Don't Trip Yourself up While Buying a Home
What's better than getting a bunch of new furnishings to adorn your future home? Nothing. But making big purchases before closing could be trouble. Until closing, there are still some hurdles to jump. Below you'll find a list of things to stay away from during this critical time of your home purchase.
Don't make expensive purchases. You may be itching to turn your new kitchen into a showplace, or celebrate your new dream home, but stay away from big purchases like furniture, cars, appliances, or vacations until the loan closes. Your credit numbers could change suddenly if you make a huge purchase using credit cards. Using cash to purchase expensive items can also be a bad idea: many lenders consider your cash reserve when approving your loan.
Don't go on a job search. Your recent career history should show stability. Finding a new job (particularly one with a better salary) may not jeopardize your ability to qualify for a loan. However, if you switch careers before you qualify, your process could fail or be stalled.
Don't take your accounts to a new bank or move around your cash. Bank statements from the last few months for accounts in your name (checking, savings, money market, and other assets) will be analyzed as the lending institution makes decisions regarding your application. In order to avoid fraud, lenders will need clear documentation of how you earn your money and where additional wealth comes from. No matter the purpose, switching banks or transferring funds might raise a red flag with your lender and slow down your loan process.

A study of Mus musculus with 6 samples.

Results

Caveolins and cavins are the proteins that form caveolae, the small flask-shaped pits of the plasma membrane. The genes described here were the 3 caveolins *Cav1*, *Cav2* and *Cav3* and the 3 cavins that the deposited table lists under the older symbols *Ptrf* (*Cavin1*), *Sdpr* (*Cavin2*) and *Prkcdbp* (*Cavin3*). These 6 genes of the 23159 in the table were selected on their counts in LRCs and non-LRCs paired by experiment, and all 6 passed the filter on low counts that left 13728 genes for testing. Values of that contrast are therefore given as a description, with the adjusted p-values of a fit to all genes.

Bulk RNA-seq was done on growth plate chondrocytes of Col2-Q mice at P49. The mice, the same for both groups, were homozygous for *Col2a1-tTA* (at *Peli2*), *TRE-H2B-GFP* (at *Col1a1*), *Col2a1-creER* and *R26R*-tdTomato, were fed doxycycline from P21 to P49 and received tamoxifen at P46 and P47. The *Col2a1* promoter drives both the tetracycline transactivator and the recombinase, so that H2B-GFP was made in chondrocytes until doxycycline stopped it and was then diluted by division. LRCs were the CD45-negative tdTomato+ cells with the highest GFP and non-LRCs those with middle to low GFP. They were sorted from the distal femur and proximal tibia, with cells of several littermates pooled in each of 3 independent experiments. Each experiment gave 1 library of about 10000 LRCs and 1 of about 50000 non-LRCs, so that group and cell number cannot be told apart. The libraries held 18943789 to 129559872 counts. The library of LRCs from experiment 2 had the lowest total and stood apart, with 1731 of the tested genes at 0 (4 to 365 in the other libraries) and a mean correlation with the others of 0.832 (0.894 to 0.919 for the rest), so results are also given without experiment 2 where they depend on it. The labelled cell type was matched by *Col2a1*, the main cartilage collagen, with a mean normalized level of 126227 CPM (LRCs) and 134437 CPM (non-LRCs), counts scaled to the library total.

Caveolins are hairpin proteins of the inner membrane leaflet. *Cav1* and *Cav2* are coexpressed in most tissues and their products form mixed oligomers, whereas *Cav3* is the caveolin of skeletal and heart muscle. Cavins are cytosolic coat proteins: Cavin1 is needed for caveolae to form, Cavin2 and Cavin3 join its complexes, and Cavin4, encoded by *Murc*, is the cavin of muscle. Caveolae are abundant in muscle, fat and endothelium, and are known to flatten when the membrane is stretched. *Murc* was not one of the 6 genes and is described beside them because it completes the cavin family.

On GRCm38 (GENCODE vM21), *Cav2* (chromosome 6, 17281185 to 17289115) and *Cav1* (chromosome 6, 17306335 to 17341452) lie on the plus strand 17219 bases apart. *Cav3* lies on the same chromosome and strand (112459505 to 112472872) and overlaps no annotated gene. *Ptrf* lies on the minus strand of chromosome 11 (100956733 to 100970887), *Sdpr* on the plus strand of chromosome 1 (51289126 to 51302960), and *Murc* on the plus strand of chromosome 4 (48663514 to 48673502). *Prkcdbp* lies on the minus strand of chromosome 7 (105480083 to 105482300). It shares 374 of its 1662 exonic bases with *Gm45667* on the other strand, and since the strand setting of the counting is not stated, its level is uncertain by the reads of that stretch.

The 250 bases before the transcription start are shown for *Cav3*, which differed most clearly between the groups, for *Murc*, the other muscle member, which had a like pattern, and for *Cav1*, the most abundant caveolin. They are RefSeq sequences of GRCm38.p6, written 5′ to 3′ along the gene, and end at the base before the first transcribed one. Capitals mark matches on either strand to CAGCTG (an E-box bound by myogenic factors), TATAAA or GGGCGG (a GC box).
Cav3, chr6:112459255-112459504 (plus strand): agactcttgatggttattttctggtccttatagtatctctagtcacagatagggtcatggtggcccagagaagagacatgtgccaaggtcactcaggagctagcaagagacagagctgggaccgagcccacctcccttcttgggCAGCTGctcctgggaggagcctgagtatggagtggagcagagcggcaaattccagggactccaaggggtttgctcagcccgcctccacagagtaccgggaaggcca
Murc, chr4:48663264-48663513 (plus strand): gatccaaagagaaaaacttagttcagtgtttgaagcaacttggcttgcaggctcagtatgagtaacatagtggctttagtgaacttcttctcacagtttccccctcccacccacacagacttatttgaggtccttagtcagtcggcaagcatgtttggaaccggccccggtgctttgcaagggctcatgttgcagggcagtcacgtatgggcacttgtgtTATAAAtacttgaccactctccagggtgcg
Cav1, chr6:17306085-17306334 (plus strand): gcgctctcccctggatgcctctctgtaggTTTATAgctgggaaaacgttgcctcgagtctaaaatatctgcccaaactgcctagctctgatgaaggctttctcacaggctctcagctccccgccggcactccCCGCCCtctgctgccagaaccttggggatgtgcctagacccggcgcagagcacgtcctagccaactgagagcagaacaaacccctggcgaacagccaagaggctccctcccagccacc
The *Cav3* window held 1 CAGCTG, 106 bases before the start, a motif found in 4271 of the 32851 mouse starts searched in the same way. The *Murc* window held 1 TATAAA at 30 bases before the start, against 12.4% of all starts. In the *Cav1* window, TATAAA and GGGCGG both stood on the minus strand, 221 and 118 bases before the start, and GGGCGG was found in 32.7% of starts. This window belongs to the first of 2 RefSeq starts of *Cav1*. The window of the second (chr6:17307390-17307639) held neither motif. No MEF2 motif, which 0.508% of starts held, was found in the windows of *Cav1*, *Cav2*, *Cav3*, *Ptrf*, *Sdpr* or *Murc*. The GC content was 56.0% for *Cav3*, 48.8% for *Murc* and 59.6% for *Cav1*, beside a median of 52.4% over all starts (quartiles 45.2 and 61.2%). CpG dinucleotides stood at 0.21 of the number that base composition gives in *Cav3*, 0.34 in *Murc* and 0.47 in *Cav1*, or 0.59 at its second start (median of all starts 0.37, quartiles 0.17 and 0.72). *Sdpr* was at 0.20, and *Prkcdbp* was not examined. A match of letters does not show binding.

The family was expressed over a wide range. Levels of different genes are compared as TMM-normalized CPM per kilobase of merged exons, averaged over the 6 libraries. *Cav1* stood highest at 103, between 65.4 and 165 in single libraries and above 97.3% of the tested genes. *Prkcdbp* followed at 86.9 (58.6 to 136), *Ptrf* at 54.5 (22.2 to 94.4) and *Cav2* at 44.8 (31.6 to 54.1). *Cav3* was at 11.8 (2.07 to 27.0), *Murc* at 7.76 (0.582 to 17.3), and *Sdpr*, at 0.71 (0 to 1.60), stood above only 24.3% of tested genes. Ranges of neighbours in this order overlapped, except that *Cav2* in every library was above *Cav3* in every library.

Don't give your FSBO (for sale by owner) seller earnest money, cash in hand. Your good faith deposit does not belong to the seller: it remains yours until the sale closes. The good faith funds are to be applied to your expenses closing; some sellers might not know this. A neutral party, like an attorney can hang onto your deposit, or you may put it temporarily into a trust account until you close. If your home purchase fails, your contract with the seller should specify to whom the good faith funds should go.
Acceptance Capital Mortgage Corporation can walk you through the pitfalls of getting a mortgage. Call us: (337) 453-0012.